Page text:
President Donald Trump's approval rating has dipped once again, to 39 percent from 42 percent in December, according to March's CNBC All-America Economic Survey. These results are within the 3.5 percentage point margin of error of the poll, but it's also within 3 points of every poll taken by CNBC during Trump's presidency. The survey reports that Trump's economic approval rating also dipped, to 45 percent from his all-time of 47 percent in December, but it's "within 1 point of his average during his presidency."
But it could be as simple as the fact that the president's much-touted tax cuts have "not been felt, at least not yet."
According to the CNBC poll:
Just 32 percent of the public reports having more take home pay because of the tax cuts, including only 48 percent of Trump supporters and 35 percent of the middle class. More than half say they see no change in their paychecks and 16 percent are unsure. It could be that more time is needed for people to notice the change. It could also be that the tax cut provided too small a break to be meaningful to many Americans.
Of the 32 percent who report seeing more take-home pay in their paychecks, the survey notes, only 38 percent say the extra pay helps their financial situation "a great deal" or "a fair amount, while 40 percent say it helps some or just a little, and 22 percent say "it does not help much at all."
The president's decision to impose tariffs on steel and aluminum imports isn't helping him either:
To be sure, 36 percent of Americans say they don't have an opinion, but 35 percent oppose the tariffs and 29 percent support them. Just 28 percent say the tariffs would be good for the overall economy, and 44 percent fear they will raise prices for consumers.
There's also evidence that American attitudes toward Canada, Mexico and China are actually improving and CNBC notes that fewer Americans "see them as an economic threat" than in its previous surveys. For example, 24 percent of those surveyed believe Canada represents more of an economic threat than an economic opportunity, and that number is down from 32 percent when the question was last asked in March 2016.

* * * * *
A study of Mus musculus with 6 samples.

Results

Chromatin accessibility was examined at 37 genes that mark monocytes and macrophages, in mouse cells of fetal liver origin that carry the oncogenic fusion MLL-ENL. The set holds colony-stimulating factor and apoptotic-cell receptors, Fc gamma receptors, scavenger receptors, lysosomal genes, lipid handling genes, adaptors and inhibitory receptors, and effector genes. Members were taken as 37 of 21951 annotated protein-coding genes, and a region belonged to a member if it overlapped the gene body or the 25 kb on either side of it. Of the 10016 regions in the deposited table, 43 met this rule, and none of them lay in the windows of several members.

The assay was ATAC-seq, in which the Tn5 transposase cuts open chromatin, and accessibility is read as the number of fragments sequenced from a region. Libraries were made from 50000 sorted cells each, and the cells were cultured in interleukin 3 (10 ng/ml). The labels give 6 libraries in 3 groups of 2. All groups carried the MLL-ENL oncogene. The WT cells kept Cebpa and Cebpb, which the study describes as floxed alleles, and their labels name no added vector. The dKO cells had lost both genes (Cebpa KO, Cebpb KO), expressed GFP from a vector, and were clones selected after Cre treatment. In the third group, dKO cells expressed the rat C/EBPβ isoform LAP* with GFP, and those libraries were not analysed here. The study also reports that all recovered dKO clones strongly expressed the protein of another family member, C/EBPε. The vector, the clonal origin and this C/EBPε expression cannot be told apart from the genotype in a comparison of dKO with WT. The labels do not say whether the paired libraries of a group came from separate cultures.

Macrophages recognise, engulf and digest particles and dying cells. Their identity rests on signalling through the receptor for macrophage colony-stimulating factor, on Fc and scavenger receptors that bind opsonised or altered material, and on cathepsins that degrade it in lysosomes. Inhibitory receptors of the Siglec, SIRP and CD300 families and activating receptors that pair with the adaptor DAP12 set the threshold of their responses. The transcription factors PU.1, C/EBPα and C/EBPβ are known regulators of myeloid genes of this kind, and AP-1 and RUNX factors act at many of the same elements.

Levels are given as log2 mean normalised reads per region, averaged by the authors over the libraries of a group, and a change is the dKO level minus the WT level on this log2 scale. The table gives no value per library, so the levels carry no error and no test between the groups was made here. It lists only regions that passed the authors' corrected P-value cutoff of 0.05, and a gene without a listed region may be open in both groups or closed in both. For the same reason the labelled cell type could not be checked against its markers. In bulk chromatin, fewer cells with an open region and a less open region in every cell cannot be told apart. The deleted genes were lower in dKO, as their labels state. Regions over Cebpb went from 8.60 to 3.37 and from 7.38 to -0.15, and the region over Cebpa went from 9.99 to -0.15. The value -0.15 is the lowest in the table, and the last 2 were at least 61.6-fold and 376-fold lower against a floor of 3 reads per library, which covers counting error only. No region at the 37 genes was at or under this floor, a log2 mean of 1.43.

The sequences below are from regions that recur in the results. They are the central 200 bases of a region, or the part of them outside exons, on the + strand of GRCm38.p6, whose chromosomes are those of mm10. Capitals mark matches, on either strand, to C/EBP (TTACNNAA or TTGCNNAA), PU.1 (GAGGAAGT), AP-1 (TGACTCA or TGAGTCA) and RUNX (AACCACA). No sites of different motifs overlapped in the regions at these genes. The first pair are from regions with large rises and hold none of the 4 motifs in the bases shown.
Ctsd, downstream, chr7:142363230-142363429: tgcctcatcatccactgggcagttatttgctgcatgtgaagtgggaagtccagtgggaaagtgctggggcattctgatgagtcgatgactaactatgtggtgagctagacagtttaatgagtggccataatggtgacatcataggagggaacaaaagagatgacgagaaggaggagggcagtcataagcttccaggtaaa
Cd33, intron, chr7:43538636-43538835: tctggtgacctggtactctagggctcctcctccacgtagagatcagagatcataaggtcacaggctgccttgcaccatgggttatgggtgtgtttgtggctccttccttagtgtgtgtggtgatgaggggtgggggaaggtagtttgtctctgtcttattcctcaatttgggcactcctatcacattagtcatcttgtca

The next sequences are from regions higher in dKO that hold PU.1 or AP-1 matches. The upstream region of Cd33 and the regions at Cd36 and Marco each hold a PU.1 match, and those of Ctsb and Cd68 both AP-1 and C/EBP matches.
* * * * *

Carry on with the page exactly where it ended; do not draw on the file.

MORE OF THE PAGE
Republicans appear to have noticed the seeming indifference to the president's tax cuts, because they did not make it the central issue of a closely watched special House election in Pennsylvania's 18th Congressional District. Polling in the district in the days before Democrat Conor Lamb bested Republican Rick Saccone in a district Trump won by a significant margin in 2016 showed that support for tax reform actually dwindled.
Politico reports similar observations in a report dated March 13:
For the weeks of Feb. 4 and Feb. 11, roughly two-thirds of the broadcast television ads from Saccone’s campaign, the Congressional Leadership Fund super PAC and the National Republican Congressional Committee mentioned taxes, according to a POLITICO analysis of data from Advertising Analytics. For the week of Feb. 18, that dropped to 36 percent, and to 14 percent the week after. Since the beginning of March, tax ads have been essentially nonexistent. Only two are on the air now — a TV ad from America First Action, a pro-President Donald Trump super PAC that briefly mentions the tax law, and a radio ad from a progressive group attacking Saccone for supporting the law.
The indication? That Republicans need to reconfigure their message for the midterm elections. The party saw the passage of their highly contentious tax plan as their major legislative victory for 2017, touting it as a victory for citizens' paychecks, but as a POLITICO/Morning Consult poll also notes, "few voters report seeing more money in their paychecks this year as a result of changes to the tax code."
Why though are the president's approval numbers so low if roughly half of all Americans judge the economy as "good" or "excellent," 38 percent expect the economy to improve in the next year (the second highest number since the Great Recession), and 41 percent of homeowners expect the value of their homes to increase in the next year (the highest number since 2007)?
Micah Roberts, the Republican pollster for the survey for Public Opinion Strategies, believes that the president's numbers are rather stable despite being "underpinned by strong partisan, gender, and generational divides":
"Trump's job approval numbers are very stable, underpinned by strong partisan, gender, and generational divides," he said. "Whatever else we might say about the historical significance of how low his overall approval is, it is also worth noting how historically stable this number has been over an otherwise very politically turbulent year."
However, Jay Campbell, the Democratic pollster with Hart Research, says it's more than just the economy that's bringing down the president's ratings:
Approval of any president are the sum of the nation's parts, and the economy is just one of those parts. Our strong economy is unarguably working to President Trump's benefit, keeping his approval numbers afloat. But there are multiple other factors that, at the same time, are pulling him down.